Study Guide

A Canticle for Leibowitz What's Up With the Title?


It's kind of a tricky title, we know. Well, a and for are pretty straightforward, and once you start reading the story, you figure out what a Leibowitz is pretty fast. But canticle requires some digging.

A canticle is a hymn or song of praise. Although any song of praise can be called a canticle for artistic purposes, the name is mostly reserved for songs of praise taken directly from the Bible.

For example, the Benedictus (or the Canticle of Zachary) takes its lyrics from Luke 1:68-79. But A Canticle for Leibowitz doesn't come from the Bible. It's science fiction.

So what is Mr. Miller doing by throwing the word canticle in his title?

Canticle in a Can

Consider this: canticles are songs, and so they have a rhythm to them. In the same way, the events of A Canticle are set to the rhythm of history. Our history went from Early Middle Ages to Renaissance to Modern Era, and so does the fictional future history of the novel.

The people maybe different, and the events given different names, but the underlying beat remains unchanged.

Canticles teach religious heritage as well, often by snatching their lyrics right out of the Bible. So when you learn a canticle, you learn the teachings of the Bible. A Canticle plays with this nature of the canticle by blending religious heritage with scientific heritage, and contemporary issues.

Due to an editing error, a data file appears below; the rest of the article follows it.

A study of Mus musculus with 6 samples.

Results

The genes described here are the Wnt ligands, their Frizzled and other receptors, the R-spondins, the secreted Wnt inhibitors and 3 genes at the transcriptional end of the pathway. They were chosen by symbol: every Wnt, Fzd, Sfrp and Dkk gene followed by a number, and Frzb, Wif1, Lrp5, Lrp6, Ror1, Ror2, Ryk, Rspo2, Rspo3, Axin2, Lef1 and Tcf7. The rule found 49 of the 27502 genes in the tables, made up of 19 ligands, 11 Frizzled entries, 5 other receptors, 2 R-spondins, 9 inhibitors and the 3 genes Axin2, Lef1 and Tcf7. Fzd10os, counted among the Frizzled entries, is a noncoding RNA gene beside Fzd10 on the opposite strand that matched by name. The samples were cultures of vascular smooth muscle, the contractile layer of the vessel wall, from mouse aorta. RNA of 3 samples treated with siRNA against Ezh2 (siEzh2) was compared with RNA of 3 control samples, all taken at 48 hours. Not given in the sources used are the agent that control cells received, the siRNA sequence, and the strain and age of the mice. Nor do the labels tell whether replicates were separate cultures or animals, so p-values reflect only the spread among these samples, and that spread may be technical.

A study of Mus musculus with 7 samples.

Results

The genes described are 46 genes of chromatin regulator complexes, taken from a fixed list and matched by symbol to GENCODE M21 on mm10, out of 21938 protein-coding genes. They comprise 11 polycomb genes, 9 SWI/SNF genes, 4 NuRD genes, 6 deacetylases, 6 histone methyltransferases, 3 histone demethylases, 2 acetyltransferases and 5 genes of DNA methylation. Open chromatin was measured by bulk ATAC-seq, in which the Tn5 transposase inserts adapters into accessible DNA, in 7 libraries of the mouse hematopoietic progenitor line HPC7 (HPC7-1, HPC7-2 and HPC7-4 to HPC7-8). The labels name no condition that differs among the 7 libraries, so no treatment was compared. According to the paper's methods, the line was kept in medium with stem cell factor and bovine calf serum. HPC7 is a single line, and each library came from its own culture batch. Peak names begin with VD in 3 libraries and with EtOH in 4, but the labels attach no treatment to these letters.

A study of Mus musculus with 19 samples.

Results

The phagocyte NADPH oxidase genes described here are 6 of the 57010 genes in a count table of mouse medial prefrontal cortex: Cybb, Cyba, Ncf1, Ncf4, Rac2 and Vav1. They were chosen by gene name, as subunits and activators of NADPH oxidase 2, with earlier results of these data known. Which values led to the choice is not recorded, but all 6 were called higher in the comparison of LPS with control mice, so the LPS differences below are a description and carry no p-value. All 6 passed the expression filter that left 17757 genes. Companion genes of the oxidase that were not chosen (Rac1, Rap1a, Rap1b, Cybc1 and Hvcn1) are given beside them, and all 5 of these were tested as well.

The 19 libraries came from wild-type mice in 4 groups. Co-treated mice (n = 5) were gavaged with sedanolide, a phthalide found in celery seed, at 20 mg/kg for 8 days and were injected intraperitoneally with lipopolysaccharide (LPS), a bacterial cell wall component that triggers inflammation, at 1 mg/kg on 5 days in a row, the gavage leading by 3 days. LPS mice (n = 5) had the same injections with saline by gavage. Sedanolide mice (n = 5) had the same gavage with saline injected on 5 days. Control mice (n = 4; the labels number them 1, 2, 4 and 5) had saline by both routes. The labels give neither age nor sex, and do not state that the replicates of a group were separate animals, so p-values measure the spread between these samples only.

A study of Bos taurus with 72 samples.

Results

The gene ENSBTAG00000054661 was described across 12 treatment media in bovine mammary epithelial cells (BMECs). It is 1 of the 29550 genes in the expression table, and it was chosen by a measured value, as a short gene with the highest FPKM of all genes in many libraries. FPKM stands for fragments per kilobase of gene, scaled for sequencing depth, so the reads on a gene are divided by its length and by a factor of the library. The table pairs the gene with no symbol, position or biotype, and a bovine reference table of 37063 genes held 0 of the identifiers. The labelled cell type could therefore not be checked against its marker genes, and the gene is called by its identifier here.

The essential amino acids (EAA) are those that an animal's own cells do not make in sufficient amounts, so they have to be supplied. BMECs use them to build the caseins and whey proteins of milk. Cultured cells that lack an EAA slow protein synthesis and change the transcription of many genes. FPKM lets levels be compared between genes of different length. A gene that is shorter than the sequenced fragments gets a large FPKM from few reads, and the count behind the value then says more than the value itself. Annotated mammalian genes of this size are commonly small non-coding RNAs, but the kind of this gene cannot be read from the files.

You can peep this mélange in the novel's very own made-up canticle, a "Canticle of the Brethren of the Order of Leibowitz":

V: Lucifer is fallen.
R: Kyrie eleison.
V: Lucifer is fallen.
R: Christe eleison.
V: Lucifer is fallen.
R: Kyrie eleison, eleison imas!

The religious and the scientific heritage together here. The Lucifer of the verse signifies the atomic bomb, and the response of the choir is for God's mercy (source). This canticle also sounds very much like something written during the Cold War, when nuclear war seemed a very real prospect.

The fear was so real that schools had drills for just such a war, complete with cartoon turtle spokesmen and everything. And again, notice the repetition featured in this canticle; this repetition parallels our own history, as we discussed earlier.

So that's that. Now, dear Shmooper, you know why Mr. Miller put the canticle in A Canticle for Leibowtiz.